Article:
We all know the physical discomfort we face during an IBS flare-up, but one of the worst feelings for me is when it happens while traveling for work, and I suddenly don't fit in my pants anymore.

Work travel clothing

I get to fly a lot and work in different countries, which does not help my gut, even though I try my best to maintain some habits. Being in different time zones, food I'm not used to, and very stressful work situations sharpen my symptoms.

The environments I visit for work are usually very formal and require a specific appearance.

I always carry my regular office clothing, as the minimalist that I am (or try to be!), and the fact that I've been in the same weight span for the past 10 years, I don't buy new clothing unless I'm forced to.


It is such an unpleasant feeling. In my job, when I meet business partners and clients, I have to be focused and attentive, and IBS gets in the way of my productivity.

And if the discomfort is not enough, I look and feel SO bloated in my face, my chest, my arms, my legs. I have this image in my head where I'm like one of those salamis I've always seen hanging from my grandma's cellar. At least I laugh about it!

Getting dressed with IBS

When I'm sitting in the office, it's the worst feeling. I feel cut in half, my gut grumbles, and I sweat like I'm feeling sick soon.

Getting dressed with IBS has become such a nightmare. At the beginning of my journey with this condition, when I did not know what I had and how to fix it, I ended up in baggy and unflattering clothes.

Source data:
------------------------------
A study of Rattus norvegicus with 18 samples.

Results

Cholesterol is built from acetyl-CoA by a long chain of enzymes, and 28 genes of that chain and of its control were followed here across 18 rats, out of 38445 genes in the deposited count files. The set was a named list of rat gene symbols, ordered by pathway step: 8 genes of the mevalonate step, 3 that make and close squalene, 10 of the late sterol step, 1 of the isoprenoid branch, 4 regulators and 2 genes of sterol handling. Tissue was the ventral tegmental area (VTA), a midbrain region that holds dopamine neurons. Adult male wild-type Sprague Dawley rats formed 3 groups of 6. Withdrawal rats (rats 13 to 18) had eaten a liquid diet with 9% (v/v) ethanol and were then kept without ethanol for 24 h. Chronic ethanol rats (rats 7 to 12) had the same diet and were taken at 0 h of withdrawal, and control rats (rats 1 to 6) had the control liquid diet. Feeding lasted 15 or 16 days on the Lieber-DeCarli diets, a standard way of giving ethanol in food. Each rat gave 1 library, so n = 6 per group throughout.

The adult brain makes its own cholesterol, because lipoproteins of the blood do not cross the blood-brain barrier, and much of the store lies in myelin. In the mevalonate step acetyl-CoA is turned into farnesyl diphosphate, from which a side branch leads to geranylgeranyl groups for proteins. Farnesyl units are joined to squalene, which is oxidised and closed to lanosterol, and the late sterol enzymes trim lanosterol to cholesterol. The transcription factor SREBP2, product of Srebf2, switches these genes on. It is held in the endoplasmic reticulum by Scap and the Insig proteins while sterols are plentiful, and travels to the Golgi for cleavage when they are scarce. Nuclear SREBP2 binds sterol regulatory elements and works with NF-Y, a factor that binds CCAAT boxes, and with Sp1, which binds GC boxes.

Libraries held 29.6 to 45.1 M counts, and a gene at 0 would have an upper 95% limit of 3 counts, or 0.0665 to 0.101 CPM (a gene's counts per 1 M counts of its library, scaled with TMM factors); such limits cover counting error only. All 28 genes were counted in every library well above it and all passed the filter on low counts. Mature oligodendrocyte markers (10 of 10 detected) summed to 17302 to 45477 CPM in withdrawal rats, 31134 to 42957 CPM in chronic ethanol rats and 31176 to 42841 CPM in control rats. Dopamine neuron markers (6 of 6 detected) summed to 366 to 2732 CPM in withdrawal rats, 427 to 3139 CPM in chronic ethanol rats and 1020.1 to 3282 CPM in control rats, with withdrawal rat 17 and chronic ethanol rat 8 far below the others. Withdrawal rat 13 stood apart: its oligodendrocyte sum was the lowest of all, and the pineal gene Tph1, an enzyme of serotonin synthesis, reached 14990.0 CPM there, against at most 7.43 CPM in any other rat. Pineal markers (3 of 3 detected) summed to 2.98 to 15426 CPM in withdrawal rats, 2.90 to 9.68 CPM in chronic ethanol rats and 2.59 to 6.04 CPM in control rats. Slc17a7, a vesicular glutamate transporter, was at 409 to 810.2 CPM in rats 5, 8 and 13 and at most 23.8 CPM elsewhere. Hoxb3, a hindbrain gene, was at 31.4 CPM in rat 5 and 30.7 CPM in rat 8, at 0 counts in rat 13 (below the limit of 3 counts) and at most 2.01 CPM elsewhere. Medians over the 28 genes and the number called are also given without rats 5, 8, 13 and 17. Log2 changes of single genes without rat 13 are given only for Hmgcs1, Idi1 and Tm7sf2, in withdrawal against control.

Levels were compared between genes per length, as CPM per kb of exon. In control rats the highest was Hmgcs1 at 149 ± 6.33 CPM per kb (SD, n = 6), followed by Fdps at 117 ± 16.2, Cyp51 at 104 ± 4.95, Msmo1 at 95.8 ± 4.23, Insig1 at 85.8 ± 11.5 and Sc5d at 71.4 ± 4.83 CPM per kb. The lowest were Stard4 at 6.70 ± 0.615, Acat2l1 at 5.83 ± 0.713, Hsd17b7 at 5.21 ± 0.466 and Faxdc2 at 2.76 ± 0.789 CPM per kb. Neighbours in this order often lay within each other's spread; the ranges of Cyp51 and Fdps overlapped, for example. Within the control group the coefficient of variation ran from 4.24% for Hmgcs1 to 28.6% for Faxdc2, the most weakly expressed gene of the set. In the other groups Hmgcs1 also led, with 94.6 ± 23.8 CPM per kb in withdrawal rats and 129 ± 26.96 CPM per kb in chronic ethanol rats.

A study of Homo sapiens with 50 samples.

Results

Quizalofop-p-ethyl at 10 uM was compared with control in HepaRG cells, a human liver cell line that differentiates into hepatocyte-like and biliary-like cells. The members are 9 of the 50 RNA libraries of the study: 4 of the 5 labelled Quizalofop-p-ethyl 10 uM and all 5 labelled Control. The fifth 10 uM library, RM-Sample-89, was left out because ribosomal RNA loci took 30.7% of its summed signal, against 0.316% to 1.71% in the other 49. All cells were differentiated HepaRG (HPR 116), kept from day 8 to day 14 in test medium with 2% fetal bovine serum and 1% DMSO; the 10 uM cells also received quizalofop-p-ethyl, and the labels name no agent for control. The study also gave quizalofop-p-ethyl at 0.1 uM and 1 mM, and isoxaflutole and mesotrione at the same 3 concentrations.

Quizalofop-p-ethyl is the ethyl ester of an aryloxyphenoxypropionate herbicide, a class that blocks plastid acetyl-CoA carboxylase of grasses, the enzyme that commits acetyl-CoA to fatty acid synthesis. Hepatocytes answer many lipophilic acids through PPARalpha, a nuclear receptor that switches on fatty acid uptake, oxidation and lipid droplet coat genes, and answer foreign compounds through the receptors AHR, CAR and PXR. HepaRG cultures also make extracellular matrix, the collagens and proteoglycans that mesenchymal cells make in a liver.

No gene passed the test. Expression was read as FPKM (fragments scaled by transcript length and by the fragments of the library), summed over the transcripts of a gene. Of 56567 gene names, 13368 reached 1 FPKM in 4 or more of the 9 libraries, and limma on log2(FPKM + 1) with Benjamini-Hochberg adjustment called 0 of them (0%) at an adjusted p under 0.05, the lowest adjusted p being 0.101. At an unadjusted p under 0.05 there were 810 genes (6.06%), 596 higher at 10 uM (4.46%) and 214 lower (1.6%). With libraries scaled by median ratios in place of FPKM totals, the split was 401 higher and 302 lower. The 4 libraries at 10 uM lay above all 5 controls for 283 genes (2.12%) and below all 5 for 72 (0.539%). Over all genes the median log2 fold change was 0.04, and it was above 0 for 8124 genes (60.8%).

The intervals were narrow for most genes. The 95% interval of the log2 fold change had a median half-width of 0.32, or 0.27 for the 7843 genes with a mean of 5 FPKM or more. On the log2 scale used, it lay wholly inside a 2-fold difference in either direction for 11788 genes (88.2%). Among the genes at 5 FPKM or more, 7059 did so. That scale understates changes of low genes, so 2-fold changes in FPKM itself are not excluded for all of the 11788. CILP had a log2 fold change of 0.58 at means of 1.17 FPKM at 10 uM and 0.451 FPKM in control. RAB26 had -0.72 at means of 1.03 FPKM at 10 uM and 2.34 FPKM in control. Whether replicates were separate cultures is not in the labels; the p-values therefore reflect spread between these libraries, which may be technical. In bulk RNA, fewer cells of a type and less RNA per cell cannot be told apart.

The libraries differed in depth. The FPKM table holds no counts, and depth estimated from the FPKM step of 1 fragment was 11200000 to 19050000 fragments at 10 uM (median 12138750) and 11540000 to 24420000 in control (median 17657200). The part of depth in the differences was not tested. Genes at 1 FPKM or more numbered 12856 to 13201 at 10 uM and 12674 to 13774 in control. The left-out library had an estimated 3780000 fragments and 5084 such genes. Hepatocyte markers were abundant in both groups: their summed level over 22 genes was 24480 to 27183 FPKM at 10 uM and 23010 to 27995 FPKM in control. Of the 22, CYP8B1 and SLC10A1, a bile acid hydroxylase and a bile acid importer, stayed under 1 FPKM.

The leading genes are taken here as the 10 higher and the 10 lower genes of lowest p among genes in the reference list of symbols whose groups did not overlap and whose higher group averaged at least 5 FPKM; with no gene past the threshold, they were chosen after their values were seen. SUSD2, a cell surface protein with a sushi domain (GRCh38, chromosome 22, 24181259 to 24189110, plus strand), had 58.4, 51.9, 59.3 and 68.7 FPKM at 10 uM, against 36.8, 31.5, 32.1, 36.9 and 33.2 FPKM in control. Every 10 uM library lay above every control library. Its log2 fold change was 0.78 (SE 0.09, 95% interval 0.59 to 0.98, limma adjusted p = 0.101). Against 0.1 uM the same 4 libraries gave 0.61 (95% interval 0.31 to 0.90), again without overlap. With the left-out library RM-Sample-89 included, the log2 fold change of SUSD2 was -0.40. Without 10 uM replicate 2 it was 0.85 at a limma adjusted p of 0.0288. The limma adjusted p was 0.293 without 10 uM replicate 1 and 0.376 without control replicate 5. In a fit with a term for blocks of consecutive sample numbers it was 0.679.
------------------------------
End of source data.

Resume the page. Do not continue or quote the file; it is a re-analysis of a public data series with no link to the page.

I am petite, and I looked ridiculous. My parents didn't recognize me. In Italy, we are unconsciously always "stylish," and I wasn't myself anymore.

IBS just changed me. I did not feel comfortable and confident leaving the house anymore, and I did not fit in my clothes as I had for 10 years. I then decided to renew a whole section of my wardrobe: more oversized shirts and trousers with elastic waists.

But this just bothered me. I always paid attention to maintaining a healthy weight and life and wanted to feel good in my skin until IBS appeared and changed everything.

Now I learned to embrace this new part of my life as I try my best to avoid new flares, I found clothing that might not make me look my best, but at least they are good looking comfortable.

It has been – and still is – a journey of getting to know my body, rhythm, and needs, but I'm open to it now. Instead of complaining and getting angry at myself (making the situation worse), I breathe through it to remind myself that I'm doing a great job and I won't let IBS define me.

This article represents the opinions, thoughts, and experiences of the author; none of this content has been paid for by any advertiser. The team does not recommend or endorse any products or treatments discussed herein. Learn more about how we maintain editorial integrity here.